Many US traders are waking up this morning expecting the euro to be trading much lower but instead of dropping to 1.08, EUR/USD recaptured 1.10 and is hovering slightly above 1.11. While some investors may be relieved that the Eurozone could rid itself of Greece, the recovery in the currency does not reflect this sentiment. Instead some investors are still hopeful that a deal is possible especially on the back of supportive comments from Eurozone officials. We’ve heard from many European policymakers this morning and they are either trying to downplay the impact of the Greek crisis or saying that a deal is still possible including EU’s Oettinger, French Finance Minister Sapin, President Hollande and Spain’s De Guindos. We haven’t heard much from Merkel but we expect to very soon. There is still a small chance that a deal could happen but with less than 24 hours to go before the June 30th deadline, mountains need to be moved for an agreement to be made. However even if Greece misses the IMF payment tomorrow, IMF Managing Director Christine Lagarde won’t officially classify Greece as defaulted for a few more weeks. At minimum, they will wait for the referendum to see if the Greek people will accept the deal.

The euro is also being supported by intervention from the Swiss National Bank who is buying EUR/CHF to actively weaken the Swiss Franc. Many investors also unwound their long euro positions going into the weekend and on Sunday evening but once the initial move faded, the unwind of short euro carry trades filled the gap in the currency. When the FX market opened on Sunday, the single currency dropped from 1.1150 to 1.0955 after Greek Prime Minister Tsipras called a referendum on the new bailout deal on Friday evening. At the time, many investors dumped euros on the fear that a default and Grexit would drive EUR/USD to 1.05. Talks completely broke down over the weekend on the back of this radical and incoherent move from Greece. In response, Eurozone Finance Ministers refused to extend the bailout beyond Tuesday. On Sunday, the Greek government moved forward with this plan by setting a date for the referendum (July 5th) and shortly after the European Central Bank refused to increase the level of Emergency Liquidity Assistance despite waves of withdrawals. In turn, the Greek government was forced to close banks for the next week, institute very low withdrawal (USD$66) limits, transfer restrictions and close the stock market, triggering widespread fear that a default and Grexit would be next.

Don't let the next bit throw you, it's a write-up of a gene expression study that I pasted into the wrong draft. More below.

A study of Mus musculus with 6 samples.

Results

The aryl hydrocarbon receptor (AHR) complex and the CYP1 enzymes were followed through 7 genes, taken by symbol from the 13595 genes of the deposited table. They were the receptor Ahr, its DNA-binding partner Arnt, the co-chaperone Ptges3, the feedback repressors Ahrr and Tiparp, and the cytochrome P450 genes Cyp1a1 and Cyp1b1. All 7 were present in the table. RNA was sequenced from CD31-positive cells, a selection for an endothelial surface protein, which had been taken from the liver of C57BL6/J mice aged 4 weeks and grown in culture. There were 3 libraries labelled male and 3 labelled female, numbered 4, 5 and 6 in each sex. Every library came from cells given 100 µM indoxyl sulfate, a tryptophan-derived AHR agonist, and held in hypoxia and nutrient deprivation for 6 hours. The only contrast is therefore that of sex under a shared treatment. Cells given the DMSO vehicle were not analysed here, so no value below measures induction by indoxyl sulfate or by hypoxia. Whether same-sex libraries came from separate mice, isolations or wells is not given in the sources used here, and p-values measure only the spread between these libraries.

So in a nutshell, the 3 reasons for the turnaround in the euro are the following:

1. Hope that a Deal is Still Possible or at least that an extension would be provided to cover referendum period

2. Swiss National Bank buying euros

3. Gaps filled on unwind of euro carry trades

The Greek government’s willingness to walk into the fire is a dangerous proposition for Europe and the global markets. We have already seen steep sell-offs European equities and the uncertainty in the coming days will lead to further weakness. So while the EUR/USD recovered, the decline in stocks and rise in bond yields is consistent with our view that the euro should be trading lower.

We have sold euros on this bounce and expect another move below 1.10.

In addition, the market’s appetite for risk has been completely changed by this latest chapter in the Greek debt crisis so not only do we expect EUR/USD to trade lower, but other high beta currencies could see further losses as well. If the sell-off gets out of hand, we could see the ECB step into the market and buy bonds but that would require a far more volatility. Aside from the financial crisis that Greece now faces, the other big uncertainty is the referendum. A yes vote would humiliate Mr. Tsipras and most likely lead to steps remove him from office but also prompt a deal with creditors. Political uncertainty is bad but a no vote would be worse because it would put Greece on the path to Grexit. In the long run, that may be positive for the Eurozone but in the short term, it would mean contagion for markets around the world.